Here's an exercise that will give you practice knowing where to begin when you feel challenged by a complicated color.
Imagine that you live in a world where there are only 6 names for colors; Red, Yellow, Blue, Green, Orange and Violet.
Hold that notion while we gather some colored objects: Look around the house for a few things that are complicated in color; a paper bag, for example, or the palm of your hand. Eggplants are in season.
Using just one red, one yellow, and one blue. consider how you would begin to mix the color of one of your objects. How about a paper bag? If you're inclined to call the color brown, remember that in our world that is a meaningless word. You'll have to make an approximation and come as close as you can with our limited vocabulary.
Now, what color is the bag? Maybe yellow. or orange? Whichever of the 6 color names comes closest is the dominant color. That is the most efficient place to begin mixing. Starting with the dominant color gets you pretty far toward a good duplicate of the color of your object. Go ahead and make the best match you can with your set of primary colors. Make a wash about 4x4 inches of your color on a piece of good paper.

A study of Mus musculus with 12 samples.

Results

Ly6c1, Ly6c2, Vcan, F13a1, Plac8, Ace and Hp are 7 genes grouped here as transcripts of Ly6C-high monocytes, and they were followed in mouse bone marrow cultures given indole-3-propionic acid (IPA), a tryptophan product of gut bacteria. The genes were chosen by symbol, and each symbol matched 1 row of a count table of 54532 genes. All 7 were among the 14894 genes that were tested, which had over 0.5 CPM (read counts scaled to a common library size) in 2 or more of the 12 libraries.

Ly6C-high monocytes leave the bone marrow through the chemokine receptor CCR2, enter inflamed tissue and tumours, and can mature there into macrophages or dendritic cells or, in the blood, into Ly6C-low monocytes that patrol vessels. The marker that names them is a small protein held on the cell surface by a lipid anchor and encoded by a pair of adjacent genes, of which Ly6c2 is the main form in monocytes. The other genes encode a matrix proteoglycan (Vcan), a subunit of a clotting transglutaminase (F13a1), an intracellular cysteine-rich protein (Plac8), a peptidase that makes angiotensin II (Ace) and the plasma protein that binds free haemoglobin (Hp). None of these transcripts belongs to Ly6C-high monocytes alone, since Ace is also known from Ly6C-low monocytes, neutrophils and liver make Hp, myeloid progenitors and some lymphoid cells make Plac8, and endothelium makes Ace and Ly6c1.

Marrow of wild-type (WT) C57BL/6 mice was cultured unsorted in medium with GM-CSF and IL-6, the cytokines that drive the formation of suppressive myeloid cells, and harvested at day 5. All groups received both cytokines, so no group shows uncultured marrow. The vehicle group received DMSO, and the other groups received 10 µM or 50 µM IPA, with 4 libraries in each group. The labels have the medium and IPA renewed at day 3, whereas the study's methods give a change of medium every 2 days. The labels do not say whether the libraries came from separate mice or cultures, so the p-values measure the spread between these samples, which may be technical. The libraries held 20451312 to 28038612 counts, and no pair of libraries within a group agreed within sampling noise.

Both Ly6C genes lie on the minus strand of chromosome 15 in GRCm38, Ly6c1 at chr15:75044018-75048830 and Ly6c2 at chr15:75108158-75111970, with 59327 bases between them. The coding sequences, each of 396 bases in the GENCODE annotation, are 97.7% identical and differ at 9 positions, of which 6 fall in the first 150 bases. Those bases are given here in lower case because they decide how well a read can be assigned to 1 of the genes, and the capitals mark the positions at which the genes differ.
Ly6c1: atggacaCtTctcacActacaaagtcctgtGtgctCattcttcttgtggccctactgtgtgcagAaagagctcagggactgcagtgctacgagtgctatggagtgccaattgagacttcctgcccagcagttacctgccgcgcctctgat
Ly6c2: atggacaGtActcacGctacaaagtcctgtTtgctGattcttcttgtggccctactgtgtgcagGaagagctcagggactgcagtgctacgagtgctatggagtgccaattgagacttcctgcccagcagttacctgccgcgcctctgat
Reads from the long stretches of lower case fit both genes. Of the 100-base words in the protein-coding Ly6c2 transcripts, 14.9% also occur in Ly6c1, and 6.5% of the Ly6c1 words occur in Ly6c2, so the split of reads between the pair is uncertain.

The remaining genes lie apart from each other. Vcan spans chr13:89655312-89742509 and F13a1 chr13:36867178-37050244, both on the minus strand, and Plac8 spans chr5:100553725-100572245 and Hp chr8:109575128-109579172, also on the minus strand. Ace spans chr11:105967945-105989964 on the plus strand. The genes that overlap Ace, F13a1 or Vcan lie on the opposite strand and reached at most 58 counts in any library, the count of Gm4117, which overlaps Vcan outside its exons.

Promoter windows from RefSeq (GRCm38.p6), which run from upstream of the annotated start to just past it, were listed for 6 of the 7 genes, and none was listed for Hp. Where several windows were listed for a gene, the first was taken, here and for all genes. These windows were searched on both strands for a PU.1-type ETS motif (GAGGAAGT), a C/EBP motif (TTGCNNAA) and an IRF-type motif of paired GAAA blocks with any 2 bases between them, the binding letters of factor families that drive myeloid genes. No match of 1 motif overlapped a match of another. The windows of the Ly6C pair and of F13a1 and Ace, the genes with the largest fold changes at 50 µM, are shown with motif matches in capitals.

Next, use a different set of primary colors and mix a match of the same object. Make a smooth wash of this match beside the first one. Take note of what you observe. Write the n\ames of the colors you used.
Do this same exercise for a few different objects. Save your color washes and the object you were matching for our "show and tell" next week.